ODIHR Helps Train Police and Change Attitudes to Combat Domestic Violence
Wednesday, October 24, 2007 11:57 AM

ODIHR helps train police and change attitudes to combat domestic violence

In some OSCE countries, what happens behind the closed doors of a home is seen as a private matter - even if it's violence against a woman. Often there are no legal measures for prosecuting perpetrators of domestic violence, or for protecting victims. This means that there are too many cases where police and prosecutors intervene only at the point when serious assault charges can be brought.

Domestic violence is therefore an issue of concern to states across the OSCE region. It was one of the main topics of the 'special day on gender and security' at the OSCE's annual human rights conference, the Human Dimension Implementation Meeting (HDIM) in Warsaw in September and October.

Making it a crime

A prerequisite in tackling the problem is to criminalize domestic violence and provide measures of protection for victims through legislation - such as restraint orders.

"Even where legislation exists, state authorities often fail to act to prevent or prosecute cases of domestic violence," says ODIHR Gender Adviser Tiina Ilsen. "Raising awareness of the issue and changing the attitudes of the authorities is therefore one of the biggest challenges."

The OSCE's Office for Democratic Institutions and Human Rights (ODIHR) is working to help states prevent domestic violence, prosecute perpetrators and address victims' needs.

The ODIHR's approach focuses on three areas: 

  • sensitizing police, prosecutors and judges to the fact that domestic violence is a crime;
  • providing training for law-enforcement agencies and health-care providers to play an effective role in preventing and combating domestic violence; and
  • promoting co-operation between law-enforcement bodies and NGOs on strategies to combat such crimes.

Training police

In Azerbaijan and Georgia, the ODIHR is working closely with police authorities and women's NGOs. Drawing on the Austrian model of developing facilities to assist victims, it has organized workshops for police officers, health-care workers and civil society organizations on legal and organizational aspects of intervention centres, and co-operation methods among social workers and police structures.

In Azerbaijan, which is introducing its first piece of legislation on domestic violence, the ODIHR and the NGO Symmetria have organized awareness-raising sessions for more than 200 district-level police officers in the regions since last year.

They have also developed, in co-operation with Austrian police experts, a new two-day training course for both new cadets and serving police officers, which takes place at the Police Academy in Baku. The course, which started in February, focuses on best practices for police intervention and prevention.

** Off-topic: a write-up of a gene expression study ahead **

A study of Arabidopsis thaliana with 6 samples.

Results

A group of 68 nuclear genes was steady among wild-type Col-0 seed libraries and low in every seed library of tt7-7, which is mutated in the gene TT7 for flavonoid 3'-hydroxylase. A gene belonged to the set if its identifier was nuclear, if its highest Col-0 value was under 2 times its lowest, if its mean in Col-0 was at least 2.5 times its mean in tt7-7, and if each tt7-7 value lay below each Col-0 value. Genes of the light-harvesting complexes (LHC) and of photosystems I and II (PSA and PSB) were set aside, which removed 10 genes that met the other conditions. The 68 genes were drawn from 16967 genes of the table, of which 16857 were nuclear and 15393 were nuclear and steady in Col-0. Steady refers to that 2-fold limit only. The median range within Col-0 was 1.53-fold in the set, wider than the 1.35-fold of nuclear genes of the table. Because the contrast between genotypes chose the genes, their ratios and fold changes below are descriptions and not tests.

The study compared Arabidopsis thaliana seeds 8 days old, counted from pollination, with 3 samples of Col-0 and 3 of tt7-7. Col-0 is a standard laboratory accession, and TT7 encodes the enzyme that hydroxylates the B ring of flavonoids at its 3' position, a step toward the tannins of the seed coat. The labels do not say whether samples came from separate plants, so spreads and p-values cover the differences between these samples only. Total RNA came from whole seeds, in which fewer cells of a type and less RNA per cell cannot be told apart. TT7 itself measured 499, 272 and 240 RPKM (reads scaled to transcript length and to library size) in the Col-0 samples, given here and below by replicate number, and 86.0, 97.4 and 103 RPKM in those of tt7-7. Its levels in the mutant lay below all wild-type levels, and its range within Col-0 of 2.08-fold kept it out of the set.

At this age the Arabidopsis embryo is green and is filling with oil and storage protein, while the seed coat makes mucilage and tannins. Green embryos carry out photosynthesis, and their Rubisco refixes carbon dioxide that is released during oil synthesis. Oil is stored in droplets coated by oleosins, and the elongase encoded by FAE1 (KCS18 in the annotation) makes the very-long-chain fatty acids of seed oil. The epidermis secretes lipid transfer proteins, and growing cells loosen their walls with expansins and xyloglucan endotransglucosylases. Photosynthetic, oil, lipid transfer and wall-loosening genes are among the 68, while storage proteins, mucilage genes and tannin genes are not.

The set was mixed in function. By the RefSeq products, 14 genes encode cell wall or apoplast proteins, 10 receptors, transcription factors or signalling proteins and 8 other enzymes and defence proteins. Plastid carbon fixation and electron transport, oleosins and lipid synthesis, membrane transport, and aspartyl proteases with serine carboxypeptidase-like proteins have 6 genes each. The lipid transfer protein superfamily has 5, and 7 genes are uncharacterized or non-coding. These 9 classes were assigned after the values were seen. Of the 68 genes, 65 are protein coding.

Heinz Drobesch, Director of Parliamentary Administration of the Styrian State Parliament in Austria, has been closely involved in these projects. He was formerly an expert with the Austrian police department and Interior Ministry where he authored a law on protection against domestic violence.

Speaking on the sidelines of the HDIM, where he moderated a session on gender and security, Drobesch explained how the course is run. It begins with explaining the meaning of violence and describing its different types, and continues with examples of how to intervene and a comparison of how police deal with the issue in other countries.

"We can do more if we see this problem as a security issue, and not as private matter that should be removed from the state," he says. "After a few sessions, I had the impression that they saw it as discrimination and the violation of human rights - it is at least one success that police officers have recognized this."

Bringing the issue out in the open

"As domestic violence is not an openly discussed topic in Azerbaijan, police officers tend to approach the subject cautiously," says Kamilla Dadasheva, Chair of Symmetria. "When the various phases of domestic violence and its psychological effects on victims are explained, they begin to better understand cases from their own experience. They realize why a victim might not have been co-operative, and what actions the police took that could have been unhelpful."

Part of the new course also asks police officers to suggest what they would need to act more effectively in cases of domestic violence. Ideas have included creating emergency hotlines, developing closer co-operation with NGOs specializing in victim assistance, and increasing the number of women in the police force.

Working with government

Since Symmetria is working directly with police officers as well as participating in strategy meetings with the Ministry of Interior, it is well-placed to ensure that the needs of police officers are adequately addressed in legislation.

"We have been able to develop lines of communication and co-operation with the Ministry of Interior. NGOs are often seen as an 'opposition' in many policy fields, but here we are having some real influence," says Dadasheva. "The police service has also become a more open organization, and is more willing to work with NGOs on this issue."

Published in: "ODIHR Helps Train Police and Change Attitudes to Combat Domestic Violence," Press Release, OSCE, 19 October 2007.